Saturday, September 29, 2012

Sunbeam Mixer

For years I had a KitchenAid mixer.  I loved it.  It beat my cookies, kneaded my bread, and whipped up birthday cakes. When my standard-sized mixer died after about 15 years, we bought a larger one that could handle enough bread dough to make two full-sized whole-wheat loaves.  When the motor began to shed metal shavings, we knew the bigger machine wouldn't have the longevity of the older, regular-sized machine.  But we let it keep grinding away. 

In April it died.  Good-n-dead.

Option A:  Buy a replacement for $500.
Option B:  Buy a Bosch, which has a reputation for being a multi-decade machine-of-durability.  But that's more expensive yet.
Option C:  Buy a standard KitchenAid, which is $200 if you can find one on Craigslist or wait until the pre-Christmas sales. 

Y'know, if I believed that a machine would actually last 10-15 years or more (!), I might find a way to afford a new one.  But at the rate things are going, I'm not sure I can count on more than 5-8 years, and possibly less.  As a stop-gap measure while I decided what to do (or maybe as I waited until the pre-Christmas sales) I decided to buy a hand-mixer.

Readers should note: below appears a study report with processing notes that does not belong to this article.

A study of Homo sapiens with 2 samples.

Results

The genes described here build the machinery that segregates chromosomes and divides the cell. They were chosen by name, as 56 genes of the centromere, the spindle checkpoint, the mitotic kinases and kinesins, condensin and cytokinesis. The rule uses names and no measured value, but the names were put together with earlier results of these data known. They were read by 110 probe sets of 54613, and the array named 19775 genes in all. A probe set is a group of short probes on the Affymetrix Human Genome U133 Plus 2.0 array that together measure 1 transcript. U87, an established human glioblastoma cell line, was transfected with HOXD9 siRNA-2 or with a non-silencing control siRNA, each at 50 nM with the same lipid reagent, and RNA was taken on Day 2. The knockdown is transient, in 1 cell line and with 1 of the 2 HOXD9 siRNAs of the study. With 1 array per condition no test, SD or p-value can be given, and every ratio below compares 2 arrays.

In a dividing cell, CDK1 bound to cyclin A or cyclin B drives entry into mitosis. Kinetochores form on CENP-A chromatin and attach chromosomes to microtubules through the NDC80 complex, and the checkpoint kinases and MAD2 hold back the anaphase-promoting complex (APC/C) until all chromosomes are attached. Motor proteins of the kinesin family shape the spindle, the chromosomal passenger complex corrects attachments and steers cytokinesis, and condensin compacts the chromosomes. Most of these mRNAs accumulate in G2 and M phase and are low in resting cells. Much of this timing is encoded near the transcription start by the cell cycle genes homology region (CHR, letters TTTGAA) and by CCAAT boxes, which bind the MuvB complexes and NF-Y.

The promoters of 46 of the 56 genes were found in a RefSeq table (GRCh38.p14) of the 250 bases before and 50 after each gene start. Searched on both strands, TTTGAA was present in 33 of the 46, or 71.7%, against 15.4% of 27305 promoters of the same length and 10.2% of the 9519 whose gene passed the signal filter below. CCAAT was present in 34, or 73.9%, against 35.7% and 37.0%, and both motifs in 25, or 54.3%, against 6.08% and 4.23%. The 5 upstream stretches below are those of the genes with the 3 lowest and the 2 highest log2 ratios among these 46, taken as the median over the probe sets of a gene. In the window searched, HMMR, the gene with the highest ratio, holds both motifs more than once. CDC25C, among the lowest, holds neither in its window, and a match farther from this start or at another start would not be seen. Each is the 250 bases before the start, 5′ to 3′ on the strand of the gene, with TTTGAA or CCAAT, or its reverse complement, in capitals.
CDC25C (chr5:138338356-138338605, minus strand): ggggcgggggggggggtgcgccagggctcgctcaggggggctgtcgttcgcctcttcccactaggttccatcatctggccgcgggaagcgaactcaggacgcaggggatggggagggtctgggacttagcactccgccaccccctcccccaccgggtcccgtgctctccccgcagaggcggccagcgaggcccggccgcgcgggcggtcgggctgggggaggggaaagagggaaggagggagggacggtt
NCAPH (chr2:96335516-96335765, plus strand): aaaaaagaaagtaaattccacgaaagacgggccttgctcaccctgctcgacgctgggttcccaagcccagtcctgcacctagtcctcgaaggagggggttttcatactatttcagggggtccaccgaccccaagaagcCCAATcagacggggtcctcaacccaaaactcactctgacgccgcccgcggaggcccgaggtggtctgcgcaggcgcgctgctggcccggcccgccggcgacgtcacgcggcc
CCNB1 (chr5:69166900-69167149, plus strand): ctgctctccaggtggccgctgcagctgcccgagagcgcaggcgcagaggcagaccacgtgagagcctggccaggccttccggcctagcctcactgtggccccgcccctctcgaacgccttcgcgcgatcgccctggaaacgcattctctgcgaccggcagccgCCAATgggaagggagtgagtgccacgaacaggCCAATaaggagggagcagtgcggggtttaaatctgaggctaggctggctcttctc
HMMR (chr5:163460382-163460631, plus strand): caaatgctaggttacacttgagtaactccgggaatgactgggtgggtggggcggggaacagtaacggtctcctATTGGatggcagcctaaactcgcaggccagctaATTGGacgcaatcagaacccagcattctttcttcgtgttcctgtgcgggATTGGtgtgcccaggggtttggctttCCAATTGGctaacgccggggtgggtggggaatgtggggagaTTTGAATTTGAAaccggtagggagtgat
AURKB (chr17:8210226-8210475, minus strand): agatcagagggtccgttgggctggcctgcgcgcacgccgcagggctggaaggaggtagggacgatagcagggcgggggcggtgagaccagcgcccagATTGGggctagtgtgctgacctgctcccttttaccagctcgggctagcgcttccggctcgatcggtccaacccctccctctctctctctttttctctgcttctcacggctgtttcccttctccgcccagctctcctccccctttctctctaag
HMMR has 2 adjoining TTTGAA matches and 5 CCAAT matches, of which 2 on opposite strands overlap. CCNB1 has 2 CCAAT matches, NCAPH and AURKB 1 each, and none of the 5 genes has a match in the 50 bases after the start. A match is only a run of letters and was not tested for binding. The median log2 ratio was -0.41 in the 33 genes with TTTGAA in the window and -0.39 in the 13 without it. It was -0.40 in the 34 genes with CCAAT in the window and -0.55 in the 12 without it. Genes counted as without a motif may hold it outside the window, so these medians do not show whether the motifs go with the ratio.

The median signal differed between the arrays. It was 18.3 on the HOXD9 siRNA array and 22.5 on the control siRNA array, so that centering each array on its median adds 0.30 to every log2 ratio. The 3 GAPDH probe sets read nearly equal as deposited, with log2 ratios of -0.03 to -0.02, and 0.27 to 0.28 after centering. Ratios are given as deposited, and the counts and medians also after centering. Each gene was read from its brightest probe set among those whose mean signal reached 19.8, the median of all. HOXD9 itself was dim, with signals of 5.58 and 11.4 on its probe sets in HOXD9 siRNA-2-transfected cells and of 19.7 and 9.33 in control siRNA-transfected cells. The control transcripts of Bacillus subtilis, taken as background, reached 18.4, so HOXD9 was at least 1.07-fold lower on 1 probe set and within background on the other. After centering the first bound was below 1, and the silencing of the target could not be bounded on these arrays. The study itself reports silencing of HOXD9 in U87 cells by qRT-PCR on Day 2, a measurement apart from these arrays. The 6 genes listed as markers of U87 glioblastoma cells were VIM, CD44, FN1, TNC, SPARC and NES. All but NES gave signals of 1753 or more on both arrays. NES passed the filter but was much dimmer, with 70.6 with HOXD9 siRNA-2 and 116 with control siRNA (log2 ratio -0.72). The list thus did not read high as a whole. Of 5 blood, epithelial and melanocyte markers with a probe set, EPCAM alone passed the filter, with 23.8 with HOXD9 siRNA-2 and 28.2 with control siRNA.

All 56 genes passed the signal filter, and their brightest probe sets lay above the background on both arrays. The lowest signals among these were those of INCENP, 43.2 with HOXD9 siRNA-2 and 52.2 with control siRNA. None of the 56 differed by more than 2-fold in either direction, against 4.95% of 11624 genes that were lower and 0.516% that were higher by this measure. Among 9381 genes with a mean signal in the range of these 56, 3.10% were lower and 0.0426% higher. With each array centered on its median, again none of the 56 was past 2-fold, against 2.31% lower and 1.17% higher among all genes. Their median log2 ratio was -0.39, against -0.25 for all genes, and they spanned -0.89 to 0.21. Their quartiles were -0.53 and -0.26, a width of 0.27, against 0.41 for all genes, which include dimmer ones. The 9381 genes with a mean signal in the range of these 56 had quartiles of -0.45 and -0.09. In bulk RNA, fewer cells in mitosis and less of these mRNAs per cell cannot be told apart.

At Fleet-Farm I found a Sunbeam Heritage mixer* for thirty bucks.  It has whips, beaters, and dough hooks, powered by a pretty decent motor. When I first bought it, Maggie was at a loss.  She'd never operated a hand mixer before.  It took a while to figure out the machine.  We needed to slightly tweak how we made bread, as the mixer didn't have enough power to knead 8 cups of ww flour.  Because the bowl doesn't spin itself, you have to bother to hang onto the mixer and move the beaters around the bowl [gasp].  And yes, it can even make cookies, not just breads.  As an added bonus, we can whip the mashed potatoes instead of just smashing them up with the potato masher -- yummy.  As I was running $30-50 per year for my KitchenAid's depreciation costs, it looks like I'll be ahead if my little Sunbeam mixer lasts me just one year.

I wish I could have confidence that the quality of merchandise would be better if I forked over more money for a reputable brand known for quality and longevity.  But I don't.  So for now, I will just ask God to give me decent tools, and see what He provides.  Over the past five months, this Sunbeam has gone far beyond my expectations.

* I'm suspecting it may have been discontinued, as it's no longer available on the Sunbeam site, is expensive on Amazon, and is down to $22 at Fleet-Farm.